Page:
COLORADO SPRINGS — They may not always wear a uniform, but they serve and sacrifice alongside their service members and keep our military strong.
May is Military Appreciation Month in the US, with Friday, May 7 designated as Military Spouse Appreciation Day.
The holiday usually falls on the Friday before Mother's Day, but earlier this week President Biden proclaimed May 7 as the official day we honor military spouses.
The challenges they face:
While we take a day to honor military spouses, many of them continue to face challenges ranging from childcare to mental health, to constantly changing jobs.
According to the USO, the average military spouse moves 8-12 times during a 20-year military career. That means making new connections for careers, schools, places of worship, medical care, and more.
Earlier this week, News5 spoke with Rebecka O'Neal who says she was turned down for a dozen promotions in her last job, because of her family's military lifestyle. She's just one of the thousands of spouses who have gone through the same thing.
It's important for people like O'Neal and her husband to feel the support and commitment before moving into a new community. "We live now in Colorado Springs, and this is the greatest place and so many opportunities, but where are the opportunities for the military spouses?" said O'Neal.
According to Colonel Nate Springer, Fort Carson Garrison Commander, military spouses are underutilized in the workforce by 20%. "Spouse employment is certainly putting people first. It is an essential part of our quality of life initiatives, but effectively caring for and prioritizing our families takes dedication and commitment," said Matt McFarlane, Commanding General.
Among other issues military spouses face, childcare and emotional support services are two areas where many say not enough is being done.
That sentiment was echoed by one of the military spouses who spoke with News 5's Rob Quirk, who was at Fort Carson on Thursday for the First Lady's visit. Erica Prescott, who is an Army wife, told News 5 that access to care and treatment services and facilities have to expand due to the need for an emotional support network, in and out of the military.
According to the most recent complete data from the Department of Defense Annual Suicide Report (2019) & the U.S. Department of Veterans Affairs (2018): 503 service members died by suicide in 2019. Additionally, 193 family members of military members also died by suicide in 2019.
What's being done:
First Lady Jill Biden visited Fort Carson in Colorado Springs Thursday to meet military spouses as part of the USO's Military Spouse Connection program.
The gathering was also attended by some members of the Colorado congressional delegation. Democrat Senators Michael Bennet and John Hickenlooper and Republican Congressman Doug Lamborn were on hand and all support the notion that even as Washington is seemingly stuck in gridlock on so many issues, prioritizing the needs of our military families is not a red or blue issue.
Dr. Biden is relaunching the Joining Forces initiative to focus on employment for military families, education for the more than 2 million children with enlisted parents, and the health and well-being of these families, according to the White House.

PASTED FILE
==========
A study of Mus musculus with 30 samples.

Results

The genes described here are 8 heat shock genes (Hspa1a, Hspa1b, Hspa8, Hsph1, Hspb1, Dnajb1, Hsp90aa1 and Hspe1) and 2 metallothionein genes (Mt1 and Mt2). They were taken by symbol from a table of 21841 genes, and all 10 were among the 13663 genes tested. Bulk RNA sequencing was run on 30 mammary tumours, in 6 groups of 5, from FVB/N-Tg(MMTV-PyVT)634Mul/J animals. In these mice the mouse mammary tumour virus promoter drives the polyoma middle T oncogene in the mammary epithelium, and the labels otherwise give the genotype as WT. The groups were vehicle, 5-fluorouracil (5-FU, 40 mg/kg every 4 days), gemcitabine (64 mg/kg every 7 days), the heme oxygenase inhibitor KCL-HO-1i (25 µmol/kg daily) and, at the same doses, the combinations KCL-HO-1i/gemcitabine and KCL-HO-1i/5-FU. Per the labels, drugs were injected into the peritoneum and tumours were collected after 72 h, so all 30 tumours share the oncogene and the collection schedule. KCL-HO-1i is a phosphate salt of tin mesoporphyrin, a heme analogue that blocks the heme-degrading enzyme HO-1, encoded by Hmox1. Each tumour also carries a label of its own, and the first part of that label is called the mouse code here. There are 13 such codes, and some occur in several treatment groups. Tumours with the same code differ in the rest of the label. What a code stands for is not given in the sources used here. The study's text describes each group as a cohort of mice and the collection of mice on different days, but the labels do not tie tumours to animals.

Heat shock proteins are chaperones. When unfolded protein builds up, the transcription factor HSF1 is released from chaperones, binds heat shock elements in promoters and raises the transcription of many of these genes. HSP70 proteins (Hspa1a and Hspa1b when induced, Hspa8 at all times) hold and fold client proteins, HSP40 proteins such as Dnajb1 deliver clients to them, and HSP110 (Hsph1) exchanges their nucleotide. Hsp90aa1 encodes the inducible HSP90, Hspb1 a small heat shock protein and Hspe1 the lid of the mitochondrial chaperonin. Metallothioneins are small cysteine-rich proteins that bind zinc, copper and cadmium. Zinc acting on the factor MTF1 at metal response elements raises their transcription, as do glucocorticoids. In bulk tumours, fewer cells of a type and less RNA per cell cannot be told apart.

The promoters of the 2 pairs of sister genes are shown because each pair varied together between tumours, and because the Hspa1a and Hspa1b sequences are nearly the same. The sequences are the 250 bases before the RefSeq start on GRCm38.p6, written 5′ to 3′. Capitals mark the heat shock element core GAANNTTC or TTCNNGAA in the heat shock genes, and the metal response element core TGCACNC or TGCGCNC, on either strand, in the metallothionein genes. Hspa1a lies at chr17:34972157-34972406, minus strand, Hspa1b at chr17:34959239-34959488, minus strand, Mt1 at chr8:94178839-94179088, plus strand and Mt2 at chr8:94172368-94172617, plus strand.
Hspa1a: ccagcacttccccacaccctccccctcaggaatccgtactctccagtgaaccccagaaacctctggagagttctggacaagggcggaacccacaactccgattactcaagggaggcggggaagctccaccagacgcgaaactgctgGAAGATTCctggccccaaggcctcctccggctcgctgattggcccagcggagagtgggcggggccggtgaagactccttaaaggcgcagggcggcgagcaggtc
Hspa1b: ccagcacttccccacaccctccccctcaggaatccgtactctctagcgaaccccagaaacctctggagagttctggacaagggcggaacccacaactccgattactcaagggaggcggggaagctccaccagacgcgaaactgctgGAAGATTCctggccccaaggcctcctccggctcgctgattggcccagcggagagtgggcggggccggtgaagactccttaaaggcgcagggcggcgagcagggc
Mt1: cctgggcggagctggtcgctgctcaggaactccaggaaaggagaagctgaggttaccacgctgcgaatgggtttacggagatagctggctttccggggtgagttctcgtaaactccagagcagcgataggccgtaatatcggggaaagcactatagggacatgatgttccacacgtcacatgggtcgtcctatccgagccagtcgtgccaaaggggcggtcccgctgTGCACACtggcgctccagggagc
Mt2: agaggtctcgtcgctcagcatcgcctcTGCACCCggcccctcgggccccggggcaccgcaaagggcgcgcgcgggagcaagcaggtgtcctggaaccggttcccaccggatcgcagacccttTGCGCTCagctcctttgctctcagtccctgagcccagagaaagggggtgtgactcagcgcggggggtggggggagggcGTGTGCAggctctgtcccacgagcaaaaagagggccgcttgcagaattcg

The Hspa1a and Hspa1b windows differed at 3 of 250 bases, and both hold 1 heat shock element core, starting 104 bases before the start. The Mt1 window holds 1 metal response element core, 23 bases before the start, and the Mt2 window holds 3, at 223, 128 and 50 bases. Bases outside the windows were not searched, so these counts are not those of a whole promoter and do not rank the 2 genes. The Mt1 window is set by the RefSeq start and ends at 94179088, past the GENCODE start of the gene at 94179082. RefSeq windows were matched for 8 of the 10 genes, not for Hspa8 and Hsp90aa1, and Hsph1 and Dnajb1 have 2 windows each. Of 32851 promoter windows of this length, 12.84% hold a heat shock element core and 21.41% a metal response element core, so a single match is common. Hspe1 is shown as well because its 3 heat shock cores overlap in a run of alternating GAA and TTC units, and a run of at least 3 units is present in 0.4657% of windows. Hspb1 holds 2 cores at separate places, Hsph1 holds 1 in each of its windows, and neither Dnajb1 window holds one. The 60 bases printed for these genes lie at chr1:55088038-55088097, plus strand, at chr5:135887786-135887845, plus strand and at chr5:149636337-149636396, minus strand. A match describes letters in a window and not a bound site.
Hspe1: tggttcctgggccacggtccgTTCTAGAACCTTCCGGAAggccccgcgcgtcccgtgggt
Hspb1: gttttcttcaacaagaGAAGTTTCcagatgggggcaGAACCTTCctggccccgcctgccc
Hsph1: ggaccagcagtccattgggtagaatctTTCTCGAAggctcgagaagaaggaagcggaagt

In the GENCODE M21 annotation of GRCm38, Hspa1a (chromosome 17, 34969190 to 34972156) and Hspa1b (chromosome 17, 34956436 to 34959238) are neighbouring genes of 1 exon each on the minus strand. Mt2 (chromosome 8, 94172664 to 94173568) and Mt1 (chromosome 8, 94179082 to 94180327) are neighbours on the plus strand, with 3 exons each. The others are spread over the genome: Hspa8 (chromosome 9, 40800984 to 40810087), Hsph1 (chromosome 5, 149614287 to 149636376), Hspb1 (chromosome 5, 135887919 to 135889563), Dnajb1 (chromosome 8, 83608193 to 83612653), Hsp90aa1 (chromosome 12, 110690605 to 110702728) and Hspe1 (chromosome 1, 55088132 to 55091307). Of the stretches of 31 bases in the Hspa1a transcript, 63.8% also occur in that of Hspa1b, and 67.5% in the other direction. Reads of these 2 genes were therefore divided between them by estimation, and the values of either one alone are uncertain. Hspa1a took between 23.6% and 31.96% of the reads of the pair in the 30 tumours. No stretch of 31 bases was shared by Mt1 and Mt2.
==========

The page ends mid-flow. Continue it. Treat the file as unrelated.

Biden plans to have Joining Forces work with employers to create flexible, transferable and remote job opportunities for military spouses. She also will call on civilian mental health service providers to ensure military families, caregivers and veterans have access to the services they need.
The Army Community Service Center, an employment program on the post, helps military spouses to find jobs and develop the skills needed in employment. "When they get here they immediately feel like they are embraced by the community they have support services," said Kristen Kea, Division Chief, Army Community Service.
The Department of Defense has the Spouse Education and Career Opportunities program and a Military Spouse Employment Partnership with dozens of companies that host virtual hiring fairs for careers in retail, logistics, medical, financial, service, and tech firms.
Ways you can help:
Operation Shower is an organization that hosts baby showers for military families across the nation but this week they’re in the works of hosting these joyful showers for those in Colorado Springs.
The goal of Operation Shower is to allow military spouses to leave the stresses of deployment behind them as they celebrate their future children. What started off as a nice gesture in 2007, has grown to become a busy number of years for Operation Shower. The organization doesn’t just allow expecting military spouses to come together, it gives them gifts to help support their babies.
Operation Shower doesn’t only host group showers. The organization also sends out what they call, “Baby Boxes,” filled with items to help expecting mothers who are alone while their partners are deployed.
Operation Shower has partnered with a number of establishments over the years, including the PGA Tour and Birdies for the Brave. This year the organization is working with PepsiCo to give expecting mothers the shower of their dreams.
To donate your time or money to this organization and help military families, you can visit here.